You're barking down the wrong track, here. (Did I just mix a metaphor?)
There are too many possible reasons why a particular business idea may or may not take off.
Indeed your list of five factors is a little bit silly. The sales volume depends on
(Number of people in the world)
(Percent of those people who could use this product) // unknown
(Percent of those people who find out about this product) // unknown
(Percent of those people who can afford this product) // unknown
(Some big random number)
When you multiply a really big number (6 billion) by all these other little numbers that you don't really know, you get: nothing. bubkis. Meaningless drivel.
There's not much point in modeling something like this, and smart investors get it.
Instead you need to show two things.
1. The size of the opportunity.
What happens if everything goes right? This needs to be a really big number. If your business plan consists of selling T-shirts on the 9:36 commuter train from Darien to Grand Central, well, the size of the opportunity even if everything goes right just isn't large enough to get an investor interested. Typically VCs are looking for opportunities in the $billions. There are plenty of great businesses (like bug tracking software) that probably could never be a billion dollar business even if everything went perfect.
2. A list of reasonable goals on the path to that opportunity, with success tests at each goal.
You need to be able to say: "In order for this idea to pay off, we need to prove these theses which are unknown. Here is what we will do to test these theses."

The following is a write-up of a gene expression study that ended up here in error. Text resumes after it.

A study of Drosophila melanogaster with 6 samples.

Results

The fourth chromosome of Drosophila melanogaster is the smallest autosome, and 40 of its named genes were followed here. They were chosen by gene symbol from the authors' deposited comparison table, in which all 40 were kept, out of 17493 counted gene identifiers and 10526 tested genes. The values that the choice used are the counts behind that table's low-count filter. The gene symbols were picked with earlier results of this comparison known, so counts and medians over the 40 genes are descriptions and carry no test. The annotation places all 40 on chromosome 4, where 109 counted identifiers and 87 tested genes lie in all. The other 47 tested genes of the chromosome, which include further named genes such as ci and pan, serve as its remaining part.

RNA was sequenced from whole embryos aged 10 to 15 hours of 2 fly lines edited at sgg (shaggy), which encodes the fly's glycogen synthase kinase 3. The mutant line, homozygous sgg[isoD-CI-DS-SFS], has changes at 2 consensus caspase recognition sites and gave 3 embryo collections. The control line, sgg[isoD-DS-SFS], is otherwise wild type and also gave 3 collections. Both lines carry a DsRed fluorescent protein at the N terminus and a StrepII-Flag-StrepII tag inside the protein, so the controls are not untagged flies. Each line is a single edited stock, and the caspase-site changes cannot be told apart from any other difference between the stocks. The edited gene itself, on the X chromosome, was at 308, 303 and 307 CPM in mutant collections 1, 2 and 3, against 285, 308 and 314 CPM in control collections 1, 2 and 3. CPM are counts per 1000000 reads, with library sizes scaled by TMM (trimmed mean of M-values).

Since I'm in the process of launching a new business at careers.stackoverflow.com, I'll give you an example from my business. I have two early goals and tests for whether or not they are successful:
Enough programmers will submit CVs so that employers should be willing to pay to access them. I picked a metric for this: there have to be enough CVs that I can find qualified people to work at Fog Creek in New York. I proved that thesis about two weeks ago.
Enough employers will see the value to pay for access to the CVs. We did an early test, asking a handful of hiring managers what they thought. That went well enough. But today we're rolling out the live service, and crossing our fingers to see if anyone pays. That's the second test we have to pass.
Later, as the business expands, we need to do more tests. The other two theses I need to prove next:
There is a cost efficient way to get more programmers to put their CVs into the system. For example, we have to be able to find and motivate a programmer to put their resume into the system for less than the $29 that they're going to pay us.
There is a cost efficient way to market and sell to hiring managers, using some system that has a positive ROI. For example we need to be able to sell a $500 job search for less than $500.
Neither of those goals has been achieved yet.
So... what I'm saying is, you have to show the investor that the size of the opportunity is large enough to justify an investment, and that you understand well what all the assumptions are that you made in asserting that your business idea will work, the so-called "entrepreneur's thesis," and that you have a plan and a program for proving them one at a time.
The nice thing there is that even if the investor passes, you can send him little progress reports once in a while as you prove each of your theses.
By the way, the more of your theses that you can prove before you take money, the better a valuation you will get. In other words, StackOverflow Careers will be worth a heck of a lot more money next week when we've shown that recruiters will pay for it than it was worth this week when that thesis remained to be proven.